The Top 7 Products That Erase Hyperpigmentation

Call it what you will—freckles, hyperpigmentation, age or sunspots—discoloration that appears on the surface of the skin stems from one thing and one thing only: an overproduction of melanin. The sun, hormones and inflammation can all send your skin’s melanin production cycle into extreme overdrive, causing your complexion to be unevenly toned. But, there are ways to eliminate unwanted discoloration once and for all.


Get it in: SkinCeuticals Phyto+ ($80)

Good for: Discoloration that lives deep in the skin, such as melasma

Although kojic acid is lauded for its ability to lighten dark spots, because it inhibits tyrosinase, this is one ingredient that works best when used in tandem with either glycolic acid or hydroquinone (both powerful skin brighteners).


Glycolic Acid

Get it in: Kat Burki Restorative Dual Acid Peel ($125)

Good for: Brown spots

When it comes to treating pigmentation in the skin, glycolic acid, in a peel or topical form, is effective. Glycolic acid lifts up the “glue” that holds dead, discolored skin cells on the surface—the fewer discolored skin cells there are, the more even skin looks in color.



Get it in: Zo Medical Melamin Skin Bleaching and Correcting Creme ($60)

Good for: Serious discoloration

The gold standard and doctor go-to for getting rid of discoloration, hydroquinone is a chemical-based ingredient that works on tyrosinase to inhibit the production of melanin in the skin. “Hydroquinone switches off melanocyte melanin production by as much as 90 percent, making it an effective skin lightener for treating severe pigmentation,” says Beverly Hills, CA, dermatologist Zein Obagi, MD.


Azelaic Acid

Get it in: Rodial Super Acids Daily Azelaic Acid Serum ($98)

Good for: Leftover discoloration from acne and rosacea breakouts

Derived from wheat and barley, azelaic acid is said to rival the skin-brightening effects of hydroquinone. Look for products that boast 15–20 percent of the acid, which ensures you’ll get a steady dose of the ingredient.



Get it in: NIA24 Rapid Exfoliating Serum ($92)

Good for: Maintaining results

Niacinamide, a derivative of niacin (also known as vitamin B3), provides more than a single benefit. While it’s best known for its ability to suppress inflammation, New York dermatologist Julie Russak, MD, says it’s also great to use once the pigmentation has lifted considerably.


Vitamin C

Get it in: Erno Laszlo White Marble Translucence Cream ($150)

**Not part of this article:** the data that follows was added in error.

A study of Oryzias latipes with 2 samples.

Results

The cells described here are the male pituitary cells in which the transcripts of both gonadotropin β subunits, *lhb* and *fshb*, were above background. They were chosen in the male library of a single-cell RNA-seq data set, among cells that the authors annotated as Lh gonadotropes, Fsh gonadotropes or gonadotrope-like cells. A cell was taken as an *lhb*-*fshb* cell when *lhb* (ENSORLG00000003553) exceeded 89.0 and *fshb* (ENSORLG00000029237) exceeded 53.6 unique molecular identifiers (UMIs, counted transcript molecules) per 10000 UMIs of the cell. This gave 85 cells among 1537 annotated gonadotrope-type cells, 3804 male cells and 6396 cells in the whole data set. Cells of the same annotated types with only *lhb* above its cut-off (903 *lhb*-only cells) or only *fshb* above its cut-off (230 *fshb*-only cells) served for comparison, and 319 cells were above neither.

Vitamin C works wonders at tackling changes in the skin that result from sun exposure. The vitamin acts as a melanin interrupter as opposed to an ingredient that’s toxic to the melanocyte. It works on copper ions where tyrosinase lives to counteract pigment production.


Retinols and retinoids

Get it in: Glow by dr. brandt Overnight Resurfacing Serum ($95)

Prescription-strength retinoids and over-the-counter retinols encourage skin cell turnover, bringing new, evenly pigmented cells to the surface while exfoliating away discolored skin. “Depending on their strength, retinoids are effective because they, too, affect tyrosinase. Unlike hydroquinone, they deliver a more homogenous tone instead of bleaching the skin,” says Dr. Obagi.

  • Heather
    Posted on

    Hi! I would save the money being spent on OTC (over the counter) products until I had $200 to spend on the medical grade product. The retinol part of your regime is great! A definite 👍🏻 good choice. Over the counter products just don’t have enough of the active ingredient to really make a difference in or skin. We end up having to use more of the product for each application and usually it takes a few tubes before we start seeing a change. Save and buy the $200 pharmaceutical grade product and get the result you’re looking for. Good Luck!

  • Lisa M Carter
    Posted on

    I'm a 52yr.old woman who has fairly good skin except for two rather large sunspots at the top of my forehead. I've been treating these rascals for around 3 yrs. now with no noticeable improvement. I can't afford the $200 rx my dermatologist has rx'd but I do use a 0.1% Retin-A cream nightly as well as drugstore spot removers twice daily and sunscreen. My current spot remover is Clinique's 'Even Better Clinical Dark Spot Remover'. All of a sudden within the last week, one of the two spots (which seem to be about to morph into a single larger spot) has become more red then brown. What can I do that is affordable to effect a quicker fade and am I doing something wrong to have caused the color change ? (I do have an appt. scheduled to make sure it's still a sunspot and not something dangerous) Thanks for your wonderful magazine, website, and time.